Rute Martins Caeiro



From Learning to Doing: Diffusion of Agricultural Innovations in Guinea-Bissau, [Job Market Paper] NBER Working Paper No. 26065.

This paper analyzes the pathways of technology diffusion through social networks, following the experimental introduction of new technologies in Guinea-Bissau. In the context of an agricultural extension project targeting female farmers, we document both the direct effects of this intervention and subsequent diffusion from trainees to the wider community. In order to test for social learning, we exploit a detailed census of households and social connections across different social dimensions. A distinguishing feature of our approach is the use of a village photo directory to obtain a comprehensive and fully mapped social network dataset. In our first result, we show that trainees’ knowledge and adoption rose immediately after training, remaining stable thereafter. Secondly, we show that agricultural information diffuses along social networks links from project participants to non-participants. However, these effects are heterogeneous across different types of networks, the most relevant being a farmer’s ‘financial support’. In addition, we propose a novel, intuitive characterization of social connections which allows us to disentangle the relative importance of farmers’ ‘strong’ and ‘weak’ ties. Estimates in our context highlight that weak ties play as much of a role in the knowledge diffusion as strong ties. Despite positive effects in knowledge, evidence of network impacts on actual adoption behavior is more limited. Finally, we analyze how the intervention influenced the network structure. Results indicate that, following their participation in the project, treated farmers become more central in the village social network.


Knowledge of Vitamin A Deficiency and Crop Adoption: Evidence from a Field Experiment in Mozambique, (joint with Pedro C. Vicente) accepted for publication at Agricultural Economics.


Vitamin A deficiency is a widespread public health problem in Sub-Saharan Africa. This paper analyzes the impact of an intervention fighting vitamin A deficiency through the promotion of the production and consumption of orange-fleshed sweet potato (OFSP). We conducted a randomized evaluation of OFSP-related training to female farmers in Mozambique, who were also the primary caretakers of pre-school children. The treatment consisted of group and individual-level training where basic knowledge about nutrition was taught, and planting and cooking skills related specifically to OFSP were developed. We find considerable increases in nutrition-related knowledge, as well as knowledge about cooking and planting OFSP, which persist after more than a year. We also observe clear evidence of adoption of OFSP for production in the short- and medium-run, which spreads through social networks. However, we do not find clear signs of dietary improvements in our specific measures of consumption of vitamin A rich foods. Overall, our results support the view that training centered on nutrition-sensitive agricultural information can play a significant role in shaping farmers’ knowledge and crop adoption decisions.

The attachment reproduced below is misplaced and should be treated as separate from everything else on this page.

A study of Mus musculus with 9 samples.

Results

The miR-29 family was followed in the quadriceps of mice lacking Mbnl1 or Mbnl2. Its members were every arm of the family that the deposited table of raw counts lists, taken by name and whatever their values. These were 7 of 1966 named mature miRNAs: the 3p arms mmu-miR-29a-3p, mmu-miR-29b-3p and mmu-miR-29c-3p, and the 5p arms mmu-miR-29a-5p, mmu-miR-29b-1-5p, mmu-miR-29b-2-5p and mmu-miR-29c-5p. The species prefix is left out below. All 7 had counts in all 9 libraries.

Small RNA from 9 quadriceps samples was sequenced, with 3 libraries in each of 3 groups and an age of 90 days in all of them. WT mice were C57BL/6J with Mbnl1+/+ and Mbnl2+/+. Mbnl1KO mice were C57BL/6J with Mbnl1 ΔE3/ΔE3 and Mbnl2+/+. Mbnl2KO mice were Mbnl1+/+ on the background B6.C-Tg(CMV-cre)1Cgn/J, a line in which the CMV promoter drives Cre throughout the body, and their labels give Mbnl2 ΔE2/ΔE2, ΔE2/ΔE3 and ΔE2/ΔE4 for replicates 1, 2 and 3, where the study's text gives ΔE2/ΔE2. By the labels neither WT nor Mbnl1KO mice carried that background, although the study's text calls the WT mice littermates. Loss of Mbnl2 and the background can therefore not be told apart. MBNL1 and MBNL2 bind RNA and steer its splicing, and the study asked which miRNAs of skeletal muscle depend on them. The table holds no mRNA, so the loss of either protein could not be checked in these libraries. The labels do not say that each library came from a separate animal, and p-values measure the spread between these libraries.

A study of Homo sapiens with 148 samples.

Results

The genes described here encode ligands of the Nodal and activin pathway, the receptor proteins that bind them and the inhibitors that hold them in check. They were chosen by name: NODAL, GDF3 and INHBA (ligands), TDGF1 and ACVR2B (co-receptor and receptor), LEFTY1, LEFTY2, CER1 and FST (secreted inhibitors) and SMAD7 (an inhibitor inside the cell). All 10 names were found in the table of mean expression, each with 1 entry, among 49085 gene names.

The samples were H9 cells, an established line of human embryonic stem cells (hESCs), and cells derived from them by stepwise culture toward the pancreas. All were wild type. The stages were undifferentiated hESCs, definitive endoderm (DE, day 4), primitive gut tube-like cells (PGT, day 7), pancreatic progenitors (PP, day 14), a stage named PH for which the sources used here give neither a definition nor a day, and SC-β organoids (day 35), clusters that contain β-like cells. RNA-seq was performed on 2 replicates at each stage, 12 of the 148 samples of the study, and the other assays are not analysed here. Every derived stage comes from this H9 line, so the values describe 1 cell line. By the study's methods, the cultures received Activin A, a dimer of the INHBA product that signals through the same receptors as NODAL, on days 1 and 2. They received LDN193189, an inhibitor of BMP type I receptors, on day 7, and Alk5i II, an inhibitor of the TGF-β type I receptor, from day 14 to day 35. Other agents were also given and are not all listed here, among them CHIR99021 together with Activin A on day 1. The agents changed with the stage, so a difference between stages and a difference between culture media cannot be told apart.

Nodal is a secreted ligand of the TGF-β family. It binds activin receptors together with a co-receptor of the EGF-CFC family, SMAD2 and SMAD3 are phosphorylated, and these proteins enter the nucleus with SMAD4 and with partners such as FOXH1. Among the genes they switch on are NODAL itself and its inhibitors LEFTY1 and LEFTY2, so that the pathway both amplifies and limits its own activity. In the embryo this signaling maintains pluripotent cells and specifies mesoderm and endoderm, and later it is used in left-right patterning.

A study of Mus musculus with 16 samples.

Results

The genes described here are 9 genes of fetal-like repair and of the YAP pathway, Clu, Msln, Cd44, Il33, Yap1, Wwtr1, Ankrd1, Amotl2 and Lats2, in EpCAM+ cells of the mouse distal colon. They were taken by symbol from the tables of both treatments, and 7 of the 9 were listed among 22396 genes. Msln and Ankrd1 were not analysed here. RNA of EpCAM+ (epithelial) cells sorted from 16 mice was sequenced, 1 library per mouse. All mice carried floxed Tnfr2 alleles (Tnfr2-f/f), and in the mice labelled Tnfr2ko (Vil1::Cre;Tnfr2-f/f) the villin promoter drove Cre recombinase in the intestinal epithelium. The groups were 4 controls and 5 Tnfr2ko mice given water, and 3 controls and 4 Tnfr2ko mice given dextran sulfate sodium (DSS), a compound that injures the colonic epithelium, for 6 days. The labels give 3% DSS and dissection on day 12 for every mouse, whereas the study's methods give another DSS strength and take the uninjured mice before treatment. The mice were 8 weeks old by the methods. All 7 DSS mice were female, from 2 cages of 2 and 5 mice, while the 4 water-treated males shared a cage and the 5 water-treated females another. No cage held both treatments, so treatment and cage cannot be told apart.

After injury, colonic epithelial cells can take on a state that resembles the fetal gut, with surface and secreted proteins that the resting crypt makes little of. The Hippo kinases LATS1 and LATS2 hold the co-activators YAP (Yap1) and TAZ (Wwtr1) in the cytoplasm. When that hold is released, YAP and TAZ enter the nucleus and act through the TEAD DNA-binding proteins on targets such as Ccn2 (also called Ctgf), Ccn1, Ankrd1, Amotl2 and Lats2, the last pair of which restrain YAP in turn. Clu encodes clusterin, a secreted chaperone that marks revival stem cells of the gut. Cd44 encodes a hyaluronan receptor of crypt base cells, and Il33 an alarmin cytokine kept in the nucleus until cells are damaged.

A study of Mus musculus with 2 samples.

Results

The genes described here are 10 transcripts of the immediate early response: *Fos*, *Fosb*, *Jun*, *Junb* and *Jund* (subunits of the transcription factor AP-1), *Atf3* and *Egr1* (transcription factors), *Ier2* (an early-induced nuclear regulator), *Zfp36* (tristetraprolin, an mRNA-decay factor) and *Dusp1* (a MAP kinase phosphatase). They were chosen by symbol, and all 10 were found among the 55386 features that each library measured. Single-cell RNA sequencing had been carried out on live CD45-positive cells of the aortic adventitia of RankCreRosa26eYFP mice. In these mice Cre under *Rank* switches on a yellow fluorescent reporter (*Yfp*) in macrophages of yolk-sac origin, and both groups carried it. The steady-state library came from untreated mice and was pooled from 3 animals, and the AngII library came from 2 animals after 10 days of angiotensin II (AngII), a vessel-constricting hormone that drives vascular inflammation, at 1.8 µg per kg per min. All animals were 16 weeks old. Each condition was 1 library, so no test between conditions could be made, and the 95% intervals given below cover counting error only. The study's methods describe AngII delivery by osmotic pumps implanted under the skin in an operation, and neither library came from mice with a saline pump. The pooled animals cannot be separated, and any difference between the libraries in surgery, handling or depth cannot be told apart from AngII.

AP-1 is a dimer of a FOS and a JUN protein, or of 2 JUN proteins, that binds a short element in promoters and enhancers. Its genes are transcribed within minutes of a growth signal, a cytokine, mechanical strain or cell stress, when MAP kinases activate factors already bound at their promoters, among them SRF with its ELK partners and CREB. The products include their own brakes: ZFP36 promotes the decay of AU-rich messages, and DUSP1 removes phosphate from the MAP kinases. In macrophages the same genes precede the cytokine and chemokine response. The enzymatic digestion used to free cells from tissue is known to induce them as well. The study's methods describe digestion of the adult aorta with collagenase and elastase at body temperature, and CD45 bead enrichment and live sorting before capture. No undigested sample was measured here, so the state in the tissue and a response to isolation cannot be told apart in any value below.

Agricultural Innovations: The Impact on Livelihoods and Social Capital of Subsistence Farmers in Guinea Bissau (joint with Paulo Santos and Pedro Vicente).

Peer Effects on Agricultural Practices (joint with Marcel Fafchamps and Pedro Vicente).

Health insurance: Community Leaders and Social Networks (joint with Alexander Coutts, Teresa Molina and Pedro Vicente).